Brian Burke finally delivered on his promise to bring some truculence. Unfortunately, it came after the expiration date.
The former frontman of the Leafs entertained fans to one last news conference earlier today. His replacement, Dave Nonis, will now assume the title as Public Enemy #1 in Toronto.
(I’m sure Burke won’t miss his many friends in the press.)
After four years at the helm, Burke was fired earlier this week in a move that caught many people off-guard, including the big man himself.
“I was stunned by this turn of events,” he said. “This one here was like a two-by-four upside the head for me.”
“We didn’t win enough, and that’s why we’re here today,” Burke conceded.
Despite the freshness of his wounds, Burke continued to express confidence in his team. He admitted that goaltending proved an ongoing problem, but argued that the team would have enjoyed a better record last season if James Reimer was healthy.
(You can thank Habs captain Brian Gionta and his errant baby-sized elbow for that one. Merci.)
Over the short-term, Burke’s legacy will probably attract a lot of criticism. The Kessel trade continues to upset many fans and his undying loyalty to Ron Wilson remains unexplained. At the same time, Burke did right the ship after John Ferguson, Jr.‘s disastrous reign and he leaves the Leafs in a fairly enviable financial position. He also brought a host of talent young players to town – led by the likes of Jake Gardiner, Joe Colborne and Morgan Rielly - which bodes well for the team’s future.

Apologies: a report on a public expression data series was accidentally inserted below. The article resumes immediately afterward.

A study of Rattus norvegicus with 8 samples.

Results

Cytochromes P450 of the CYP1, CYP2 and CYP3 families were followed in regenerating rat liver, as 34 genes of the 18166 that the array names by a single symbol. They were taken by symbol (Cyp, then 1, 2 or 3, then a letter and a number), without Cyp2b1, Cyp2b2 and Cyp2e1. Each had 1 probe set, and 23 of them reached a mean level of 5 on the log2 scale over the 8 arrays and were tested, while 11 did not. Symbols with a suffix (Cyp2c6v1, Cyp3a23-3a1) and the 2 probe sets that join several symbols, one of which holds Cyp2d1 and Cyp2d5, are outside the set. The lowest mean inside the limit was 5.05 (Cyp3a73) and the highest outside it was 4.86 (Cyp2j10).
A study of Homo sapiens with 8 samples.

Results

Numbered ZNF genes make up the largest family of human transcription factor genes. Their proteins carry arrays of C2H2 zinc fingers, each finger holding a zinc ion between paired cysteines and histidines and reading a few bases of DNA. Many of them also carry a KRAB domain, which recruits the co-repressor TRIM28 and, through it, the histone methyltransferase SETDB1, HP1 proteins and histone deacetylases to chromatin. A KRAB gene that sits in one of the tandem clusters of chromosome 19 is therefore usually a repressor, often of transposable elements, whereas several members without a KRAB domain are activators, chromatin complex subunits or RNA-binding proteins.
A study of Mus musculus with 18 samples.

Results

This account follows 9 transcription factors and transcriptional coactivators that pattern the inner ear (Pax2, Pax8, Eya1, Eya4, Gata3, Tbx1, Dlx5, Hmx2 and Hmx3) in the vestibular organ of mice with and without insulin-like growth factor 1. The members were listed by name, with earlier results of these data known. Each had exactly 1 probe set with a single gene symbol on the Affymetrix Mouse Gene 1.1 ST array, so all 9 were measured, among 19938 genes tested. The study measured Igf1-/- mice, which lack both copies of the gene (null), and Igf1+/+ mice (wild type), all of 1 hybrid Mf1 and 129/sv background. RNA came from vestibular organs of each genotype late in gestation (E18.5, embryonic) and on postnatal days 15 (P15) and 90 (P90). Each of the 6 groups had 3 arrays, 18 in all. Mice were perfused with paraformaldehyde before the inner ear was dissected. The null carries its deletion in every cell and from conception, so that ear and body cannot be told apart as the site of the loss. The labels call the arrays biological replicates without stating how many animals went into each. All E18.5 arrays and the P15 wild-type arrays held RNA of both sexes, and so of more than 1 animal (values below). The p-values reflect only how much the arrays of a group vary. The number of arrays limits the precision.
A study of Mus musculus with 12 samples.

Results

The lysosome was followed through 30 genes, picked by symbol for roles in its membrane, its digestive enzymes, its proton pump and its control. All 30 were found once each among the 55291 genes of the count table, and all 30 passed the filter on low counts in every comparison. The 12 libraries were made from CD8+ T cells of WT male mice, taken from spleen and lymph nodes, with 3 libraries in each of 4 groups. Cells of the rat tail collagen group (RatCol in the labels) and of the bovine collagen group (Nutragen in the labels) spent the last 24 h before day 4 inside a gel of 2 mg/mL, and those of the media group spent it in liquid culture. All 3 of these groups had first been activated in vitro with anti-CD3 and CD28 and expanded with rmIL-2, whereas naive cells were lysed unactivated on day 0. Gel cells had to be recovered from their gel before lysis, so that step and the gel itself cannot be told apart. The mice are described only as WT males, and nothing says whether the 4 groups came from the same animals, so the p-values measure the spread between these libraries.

When the dust finally settles, a mixed record probably awaits Burke.
Asked about the timing of the decision and the reason behind it, the spirited American admitted that he was left unsatisfied in both respects. Media speculation, however, has pointed to personality differences between Burke and the new ownership group at MLSE.
If true, it didn’t seem to faze Burke. He respected the new ownership group’s right to leave their mark on the team.
“The people that hired me hired Brian Burke,” he said. “Maybe the new guys don’t like that brand, maybe they want someone who is a little more conventional. They’re entitled to that, that’s fine.”
Whatever their true motive, it didn’t seem to bother Burke: “I’m not changing. I’m not going to change how I do things, that’s not possible.”
Personality differences, however, are no excuse for how the team performed under his watch.
“I can stand here and say it’s my personality, they didn’t like my personality, but those all become pretexts and excuses later,” he offered. “If you’ve won enough games, you can be as obnoxious if you want to be.”
Was the “Don Cherry Rule” actually behind Burke’s dismissal? We’ll likely never known.
During his time in Toronto, Burke was voice of the Leafs. Now they’ve gone silent.